My friend Tom Maresca, a wine writer, wanted to do a tasting at La Pizza Fresca in NYC of Sangiovese, Nebbiolo and Aglianico from the Caparone winery in California. I did not know the winery and was very skeptical because I have never tasted an Italian varietal from California that I really liked.
I looked the winery up and saw a quote by David Caparone in “Italy’s Noble Red Wines” by Sheldon and Pauline Wasserman. This book was for me the bible of Italian red wine for many years and I have very fond memories of evenings with the Wassermans. They wrote, “Italy has three indigenous varieties capable of producing wines of breed and character. These noble varieties are Nebbiolo, Sangiovese and Aglianico.”
These would be the three Italian varieties that Dave and his son Marc Caparone, the winemakers, use to produce wine. They produce the wines by themselves and do not have any employees.
I contacted the winery and Marc Caparone said the Nebbiolo is from clone CVT 30, the Sangiovese clone comes from Il Poggione, and the Aglianico is the original clone at UC Davis that his father found there in 1988.
All this sounded very interesting and since Tom liked the wines, I knew I would enjoy tasting them.
There were 6 of us at the tasting, Tom, Diane Darrow, his frequent co-author, Ed McCarthy and Mary Ewing-Mulligan, MW, authors of the “Wine for Dummies” books, and Michele Scicolone, author of The Italian Vegetable Cook Book, The Italian Slow Cooker, 1000 Italian Recipes.
The Caparone winery in Paso Robles California was founded in 1979 by Dave Caparone. It is located northeast of Paso Robles, California. They pride themselves on being the oldest small, artisan winery in the region and making wines with good varietal character, intensity and longevity. They make wines that complement food.
The winemakers do not blend wines and want to make wines that will last for decades. They look for balanced grape maturity. Balanced maturity occurs at moderate grape sugar levels, which means moderate alcohol levels. All of the wines tasted were below 13.5% alcohol.
In order to achieve balance and complexity, each wine is in contact with the grape skins for four to six weeks before pressing. This softens the tannins and adds to the overall balance of the wine. Each of the wines receives two full years in 100% neutral French oak barriques (59 gallons) and are not fined or filtered. The wine remains in bottle for one year before release.
Sangiovese 2014 Paso Robles macerated on the skins at fermentation for 30 days. This is a wine with nice red fruit. It did have the characteristics of an Italian Sangiovese, however, if I was given this wine blind I would have said it was a Chianti Classico Riserva with a bit too much oak and concentration or a “Super Tuscan”.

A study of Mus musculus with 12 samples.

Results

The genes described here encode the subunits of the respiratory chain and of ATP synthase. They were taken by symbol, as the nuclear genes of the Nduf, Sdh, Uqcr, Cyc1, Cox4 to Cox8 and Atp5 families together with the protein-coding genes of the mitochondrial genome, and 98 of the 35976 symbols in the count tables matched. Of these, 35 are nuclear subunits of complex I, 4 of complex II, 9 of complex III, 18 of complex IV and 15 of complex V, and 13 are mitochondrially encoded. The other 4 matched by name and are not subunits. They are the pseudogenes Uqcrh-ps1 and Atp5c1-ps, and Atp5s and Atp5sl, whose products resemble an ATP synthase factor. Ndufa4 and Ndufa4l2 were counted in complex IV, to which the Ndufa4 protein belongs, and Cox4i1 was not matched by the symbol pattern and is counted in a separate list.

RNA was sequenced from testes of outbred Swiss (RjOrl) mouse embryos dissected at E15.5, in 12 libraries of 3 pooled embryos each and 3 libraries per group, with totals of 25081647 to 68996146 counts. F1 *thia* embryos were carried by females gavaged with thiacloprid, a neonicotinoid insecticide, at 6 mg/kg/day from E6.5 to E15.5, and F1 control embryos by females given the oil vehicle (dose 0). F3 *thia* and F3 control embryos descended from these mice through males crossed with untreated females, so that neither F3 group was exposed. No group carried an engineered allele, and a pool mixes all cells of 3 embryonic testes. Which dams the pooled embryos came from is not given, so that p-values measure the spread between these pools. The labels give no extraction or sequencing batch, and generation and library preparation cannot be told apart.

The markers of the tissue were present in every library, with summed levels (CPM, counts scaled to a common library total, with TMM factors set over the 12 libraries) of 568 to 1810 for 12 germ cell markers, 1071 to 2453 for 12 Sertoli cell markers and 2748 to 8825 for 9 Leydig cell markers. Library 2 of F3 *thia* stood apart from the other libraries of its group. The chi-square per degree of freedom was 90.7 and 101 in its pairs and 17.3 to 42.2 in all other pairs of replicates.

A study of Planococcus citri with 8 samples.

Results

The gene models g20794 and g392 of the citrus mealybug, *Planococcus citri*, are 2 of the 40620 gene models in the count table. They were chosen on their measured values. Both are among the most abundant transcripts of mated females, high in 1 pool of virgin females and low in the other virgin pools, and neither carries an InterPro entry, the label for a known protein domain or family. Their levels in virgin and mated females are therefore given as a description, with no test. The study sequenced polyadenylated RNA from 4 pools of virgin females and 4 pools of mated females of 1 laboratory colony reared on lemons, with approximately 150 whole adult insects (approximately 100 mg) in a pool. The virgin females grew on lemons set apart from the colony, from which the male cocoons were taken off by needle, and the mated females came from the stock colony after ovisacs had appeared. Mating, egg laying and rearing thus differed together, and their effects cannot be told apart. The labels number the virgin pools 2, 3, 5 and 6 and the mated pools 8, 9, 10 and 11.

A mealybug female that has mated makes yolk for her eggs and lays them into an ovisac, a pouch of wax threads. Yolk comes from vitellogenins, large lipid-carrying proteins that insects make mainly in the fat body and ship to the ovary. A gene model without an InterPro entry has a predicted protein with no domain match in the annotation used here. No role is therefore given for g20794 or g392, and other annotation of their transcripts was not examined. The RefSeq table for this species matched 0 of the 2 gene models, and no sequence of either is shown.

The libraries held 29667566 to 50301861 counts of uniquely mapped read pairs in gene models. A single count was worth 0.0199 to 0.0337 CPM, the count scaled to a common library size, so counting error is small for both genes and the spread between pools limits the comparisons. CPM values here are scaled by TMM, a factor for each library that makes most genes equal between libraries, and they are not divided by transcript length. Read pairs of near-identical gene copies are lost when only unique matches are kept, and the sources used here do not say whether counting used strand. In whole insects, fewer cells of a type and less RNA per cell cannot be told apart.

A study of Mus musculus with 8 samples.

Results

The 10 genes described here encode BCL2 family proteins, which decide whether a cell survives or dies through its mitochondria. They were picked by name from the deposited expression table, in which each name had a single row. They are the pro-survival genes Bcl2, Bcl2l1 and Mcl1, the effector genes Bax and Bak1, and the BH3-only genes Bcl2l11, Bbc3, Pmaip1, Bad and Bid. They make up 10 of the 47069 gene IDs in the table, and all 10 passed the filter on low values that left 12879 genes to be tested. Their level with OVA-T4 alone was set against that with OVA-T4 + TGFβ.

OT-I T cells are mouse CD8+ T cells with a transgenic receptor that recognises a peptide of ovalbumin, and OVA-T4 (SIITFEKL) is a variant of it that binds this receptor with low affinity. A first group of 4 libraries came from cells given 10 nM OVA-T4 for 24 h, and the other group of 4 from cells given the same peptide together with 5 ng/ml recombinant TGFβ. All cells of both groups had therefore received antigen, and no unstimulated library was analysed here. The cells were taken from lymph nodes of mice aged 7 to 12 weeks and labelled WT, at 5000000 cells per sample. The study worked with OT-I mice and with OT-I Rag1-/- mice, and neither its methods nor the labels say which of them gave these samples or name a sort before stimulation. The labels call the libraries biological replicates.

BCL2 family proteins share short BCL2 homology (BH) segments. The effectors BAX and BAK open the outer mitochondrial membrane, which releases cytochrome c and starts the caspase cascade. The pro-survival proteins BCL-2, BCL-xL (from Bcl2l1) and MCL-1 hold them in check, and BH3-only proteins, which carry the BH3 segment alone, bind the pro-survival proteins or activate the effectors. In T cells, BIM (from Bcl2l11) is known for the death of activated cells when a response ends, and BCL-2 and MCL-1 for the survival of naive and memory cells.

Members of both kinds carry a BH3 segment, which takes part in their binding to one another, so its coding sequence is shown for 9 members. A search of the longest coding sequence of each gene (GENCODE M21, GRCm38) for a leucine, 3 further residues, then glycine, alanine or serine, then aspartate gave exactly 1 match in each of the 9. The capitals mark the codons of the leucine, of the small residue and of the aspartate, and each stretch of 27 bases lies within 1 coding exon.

Sangiovese 1996 the wine was showing no signs of age 18 years later. It had become mellow; the red fruit was still there with a touch of violet. After drinking this I realized that the problem I had with the 2014 was that it was too young.
Nebbiolo 2014 Paso Robles Nebbiolo macerated on the skins for 45 days, in completely enclosed stainless fermenters. This was my favorite wine of the tasting. It was light in color like Nebbiolo should be. In a blind tasting I might have said it was like a Nebbiolo from the north of Piedmont but in a much lighter style with more red fruit and less of the tar, tobacco and dried fruit character.
Aglianico 2014 macerated on the skins at fermentation for 30 days. The wine was dark in color and drinking very well right now. It did have the characteristics of an Aglianico Taburno with hints of black cherry, blackberries and plum.
Aglianico 1996 this wine was not showing any signs of age and had developed into a very drinkable mature Aglianico. This wine reminded me of an Aglianico del Vulture. It still had the black fruit flavors and aromas but had developed hints of tobacco and cedar.
At the Caparone winery, they believe the finest wines are created by nature and are a reflection of the vine and the place where it grows, not of the gadgets and chemicals used so often in modern wine making. They take great pains to interfere as little as possible in the wine making process. Their techniques are mostly a collection of traditional wine making practices more like Europe than California. They do not what excessive oak in their wines.
The wines went very well with the food and pizza at La Pizza Fresca.
See Tom Maresca’s article on the Caparone wines (https://ubriaco.wordpress.com/).